Every time there’s a frost advisory in the forecast I pick all the roses in bloom. Just in case. If I didn’t, and I woke up to find the blossoms frost-kissed, browning, spilling their ruined petals on the ground . . . well, I might have to cry. Then the dogs would get upset. They couldn’t concentrate on their jobs, and the morning routine would go haywire. The cattle would dance in the feed bunk. The sheep would run amok. The geese probably would organize a mutiny and lead a feathered regiment to storm the feedroom and commandeer the cracked corn supply.
It’s just simpler to pick the flowers.
This time, the roses would have been safe without my help. Not so for some of the wildflowers blooming out in the orchard.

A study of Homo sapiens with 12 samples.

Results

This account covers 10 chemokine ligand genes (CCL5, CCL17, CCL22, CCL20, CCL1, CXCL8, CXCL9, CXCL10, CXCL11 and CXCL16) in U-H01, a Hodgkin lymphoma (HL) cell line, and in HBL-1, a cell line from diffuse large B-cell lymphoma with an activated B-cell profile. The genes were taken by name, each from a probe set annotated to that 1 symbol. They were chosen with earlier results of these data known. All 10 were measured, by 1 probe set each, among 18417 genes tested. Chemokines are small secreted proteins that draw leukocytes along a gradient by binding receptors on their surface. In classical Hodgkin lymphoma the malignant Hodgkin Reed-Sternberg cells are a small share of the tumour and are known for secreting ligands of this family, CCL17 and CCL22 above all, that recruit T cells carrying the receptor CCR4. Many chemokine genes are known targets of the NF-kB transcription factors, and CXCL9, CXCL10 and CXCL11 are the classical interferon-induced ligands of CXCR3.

The chickweed in front of the greenhouse is tougher. It wore its frost coating until the sun touched the leaves, then grew another two inches that afternoon. (Not really. Sometimes it just seems like it grows that fast.)
The strawberries haven’t yet succumbed, and that’s good. I haven’t had time yet to finish weeding the strawberry patch. That’s easier to do when you can see the plants.
I had extra seedlings leftover from the winter plantings in the greenhouse. Extras are good for experimenting. I planted about thirty extra kale, cabbage and broccoli plants close to the greenhouse where it’s easy to toss a spun-bond polyester blanket over the patch for extra protection during cold snaps. I like to see just how tough these plants are, and what I learn helps me better manage the garden and stretch the growing season. I don’t expect them to make it through the entire winter. I don’t expect to harvest much of a crop. But the space was unused, and I had the plants. Why not put them to use and see what new season extending tricks I can learn?